Buttercup family (Ranunculaceae)
Description: This herbaceous perennial plant is about ¾-1' tall and unbranched. A typical plant produces a single basal leaf on a long hairy petiole and a flowering stalk with a pair of cauline leaves near its apex. However, not all plants produce flowers. The central stalk is light green to reddish green, terete, rather stout, and quite hairy. One cauline leaf is sessile, while the other cauline leaf has a short petiole up to 2" long. The petioles of the basal and cauline leaves have characteristics that are similar to the flowering stalk. The basal leaves are up to 10" long and 10" across, while the cauline leaves are up to 8" long and 8" across. Both types of leaves have about 5 palmate lobes and their margins are doubly serrated and shallowly cleft. During the blooming period, these leaves are wrinkled, hairy, and smaller in size, but later in the year they become more smooth, less hairy (or even glabrous), and full-sized. The color of the leaves may change from yellowish green during the spring to medium-dark green during the summer.
A flowering plant produces a single terminal flower on a short pedicel (up to 2" long); this pedicel is similar to the central stem in its characteristics. The flower is about ¾" across, consisting of 3 deciduous sepals, no petals, approximately 40 spreading stamens, and approximately 10 clustered pistils in the center. The greenish white sepals drop early and they are not present while the flower is in bloom. The stamens have white filaments and yellow or greenish yellow anthers. The slightly flattened pistils have short beaks and they are initially pale green. The blooming period occurs from mid- to late spring and lasts about 2-3 weeks. By mid- to late summer, the pistils have been replaced by a small tight cluster of bright red berries. Each berry contains 1-2 black shiny seeds. The root system consists of knotty yellow rhizomes and fibrous roots. This plant reproduces by clonal offsets from its rhizomes and by seed. It occasionally forms small colonies.
Cultivation: This plant prefers dappled sunlight during the spring and light to moderate shade during the summer. It prefers moist to mesic conditions and a fertile loamy soil with an abundance of leaf mould. Wild plants are little bothered by disease, although stressed out cultivated plants can be attacked by leaf blight and other diseases. Slugs eat seedlings and the foliage of mature plants, while root knot nematodes occasionally attack the root system. Starting plants from seeds is slow, while vegetative propagation from rhizomes is easier and faster.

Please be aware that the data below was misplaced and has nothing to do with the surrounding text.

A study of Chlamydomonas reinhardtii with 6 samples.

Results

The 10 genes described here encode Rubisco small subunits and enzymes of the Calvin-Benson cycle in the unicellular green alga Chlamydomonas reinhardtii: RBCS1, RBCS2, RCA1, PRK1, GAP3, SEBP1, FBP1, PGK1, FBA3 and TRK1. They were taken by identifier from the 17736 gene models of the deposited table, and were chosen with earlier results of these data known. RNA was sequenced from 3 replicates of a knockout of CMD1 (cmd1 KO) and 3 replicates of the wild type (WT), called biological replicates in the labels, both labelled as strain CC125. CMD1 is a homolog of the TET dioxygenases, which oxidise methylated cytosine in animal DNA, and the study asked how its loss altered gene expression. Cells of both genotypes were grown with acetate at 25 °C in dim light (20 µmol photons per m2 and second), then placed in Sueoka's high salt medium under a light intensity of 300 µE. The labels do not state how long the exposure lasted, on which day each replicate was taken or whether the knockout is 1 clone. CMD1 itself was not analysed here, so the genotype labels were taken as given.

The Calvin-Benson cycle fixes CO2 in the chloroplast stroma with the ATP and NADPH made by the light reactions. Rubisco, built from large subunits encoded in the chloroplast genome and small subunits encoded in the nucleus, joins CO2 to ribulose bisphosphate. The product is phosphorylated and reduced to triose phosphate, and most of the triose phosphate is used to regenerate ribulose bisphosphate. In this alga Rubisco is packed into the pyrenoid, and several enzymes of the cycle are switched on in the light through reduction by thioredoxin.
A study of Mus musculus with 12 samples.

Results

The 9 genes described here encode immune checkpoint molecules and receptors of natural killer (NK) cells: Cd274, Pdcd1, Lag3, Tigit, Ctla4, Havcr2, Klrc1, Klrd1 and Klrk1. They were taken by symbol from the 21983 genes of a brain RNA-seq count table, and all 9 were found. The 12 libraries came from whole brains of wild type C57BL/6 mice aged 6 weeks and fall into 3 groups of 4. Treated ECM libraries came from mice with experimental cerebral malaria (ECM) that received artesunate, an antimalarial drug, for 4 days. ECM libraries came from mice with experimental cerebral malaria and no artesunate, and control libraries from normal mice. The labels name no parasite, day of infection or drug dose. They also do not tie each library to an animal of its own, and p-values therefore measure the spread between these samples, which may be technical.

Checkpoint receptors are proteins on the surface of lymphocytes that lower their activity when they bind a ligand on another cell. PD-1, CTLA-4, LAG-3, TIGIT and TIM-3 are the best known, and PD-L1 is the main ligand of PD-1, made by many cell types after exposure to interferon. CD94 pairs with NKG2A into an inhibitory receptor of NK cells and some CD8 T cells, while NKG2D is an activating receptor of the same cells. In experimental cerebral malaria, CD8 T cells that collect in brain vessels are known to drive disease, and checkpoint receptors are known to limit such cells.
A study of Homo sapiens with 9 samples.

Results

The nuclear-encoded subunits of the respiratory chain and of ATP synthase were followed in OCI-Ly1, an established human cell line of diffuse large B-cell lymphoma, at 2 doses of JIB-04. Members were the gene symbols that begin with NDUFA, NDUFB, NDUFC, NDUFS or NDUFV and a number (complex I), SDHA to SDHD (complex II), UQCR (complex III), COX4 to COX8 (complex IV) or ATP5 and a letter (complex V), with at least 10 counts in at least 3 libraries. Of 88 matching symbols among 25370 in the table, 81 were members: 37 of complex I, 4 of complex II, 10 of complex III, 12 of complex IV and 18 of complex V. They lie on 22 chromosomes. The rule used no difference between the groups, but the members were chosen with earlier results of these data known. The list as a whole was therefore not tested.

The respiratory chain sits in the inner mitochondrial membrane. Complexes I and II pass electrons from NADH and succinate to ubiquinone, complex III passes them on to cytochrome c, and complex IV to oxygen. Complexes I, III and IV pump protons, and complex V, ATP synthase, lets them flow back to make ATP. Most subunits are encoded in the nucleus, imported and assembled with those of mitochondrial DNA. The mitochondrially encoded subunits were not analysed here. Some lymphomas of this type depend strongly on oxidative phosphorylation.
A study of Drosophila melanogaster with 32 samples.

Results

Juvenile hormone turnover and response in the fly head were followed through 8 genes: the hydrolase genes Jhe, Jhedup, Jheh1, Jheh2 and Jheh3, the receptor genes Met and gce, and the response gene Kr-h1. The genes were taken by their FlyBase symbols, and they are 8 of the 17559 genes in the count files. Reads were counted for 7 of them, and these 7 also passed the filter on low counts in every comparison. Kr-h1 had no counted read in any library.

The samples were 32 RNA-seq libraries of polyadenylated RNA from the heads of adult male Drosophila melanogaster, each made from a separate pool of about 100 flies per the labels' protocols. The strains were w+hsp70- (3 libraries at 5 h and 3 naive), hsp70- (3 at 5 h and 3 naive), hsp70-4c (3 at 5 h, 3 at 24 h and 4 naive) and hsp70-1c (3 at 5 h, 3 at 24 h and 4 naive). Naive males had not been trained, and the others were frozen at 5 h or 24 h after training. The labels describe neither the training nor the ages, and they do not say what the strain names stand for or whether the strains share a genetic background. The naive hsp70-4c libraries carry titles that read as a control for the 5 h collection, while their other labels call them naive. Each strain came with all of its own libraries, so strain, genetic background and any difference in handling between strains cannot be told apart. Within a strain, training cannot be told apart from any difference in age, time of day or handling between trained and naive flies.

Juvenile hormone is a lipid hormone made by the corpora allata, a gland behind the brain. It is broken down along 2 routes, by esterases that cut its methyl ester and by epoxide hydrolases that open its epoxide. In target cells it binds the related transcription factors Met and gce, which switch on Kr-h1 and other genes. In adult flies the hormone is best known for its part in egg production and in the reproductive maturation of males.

Range & Habitat: The native Goldenseal occurs occasionally in scattered counties throughout Illinois (see Distribution Map), although populations have been declining because of habitat destruction and over-collection of the rhizomes. Habitats include moist to mesic deciduous woodlands, wooded bluffs, and areas along woodland paths. A limited amount of disturbance is beneficial when it reduces excessive shade from the overhead canopy.
Faunal Associations: The flowers are cross-pollinated by small Halictid bees (Lasioglossum spp.) and masked bees (Hylaeus spp.) primarily; they are also visited by Syrphid flies and larger bees (Sinclair et al., 2000). Presumably birds or small mammals eat the berries and help to distribute the seeds, but little specific information is available about this. Little is known about the attractiveness of the foliage as a food source to mammalian herbivores, although it is probably toxic to them like most members of the Buttercup family.
Photographic Location: A deciduous woodland in Vermilion County, Illinois.
Comments: Goldenseal has a unique appearance because of the wrinkled palmate foliage (while young), unusual petal-less flowers, and beaked red fruits. As a result, it is easy to identity at either the flowering or fruiting stage. The biggest threat to this species is over-collection of the rhizomes for herbal medicine; these rhizomes can sell for $100/lb. on the wholesale market. They contain the alkaloids hydrastine, berberine, and canadine. Hydrastine is used for feminine complaints, berberine has anti-bacterial and anti-protozoan properties, and canadine is a sedative and muscle relaxant. Under the CITES convention, it is illegal to export the rhizomes and other parts of rare wild-collected plants in the United States. The common name of this plant refers to the yellow rhizomes.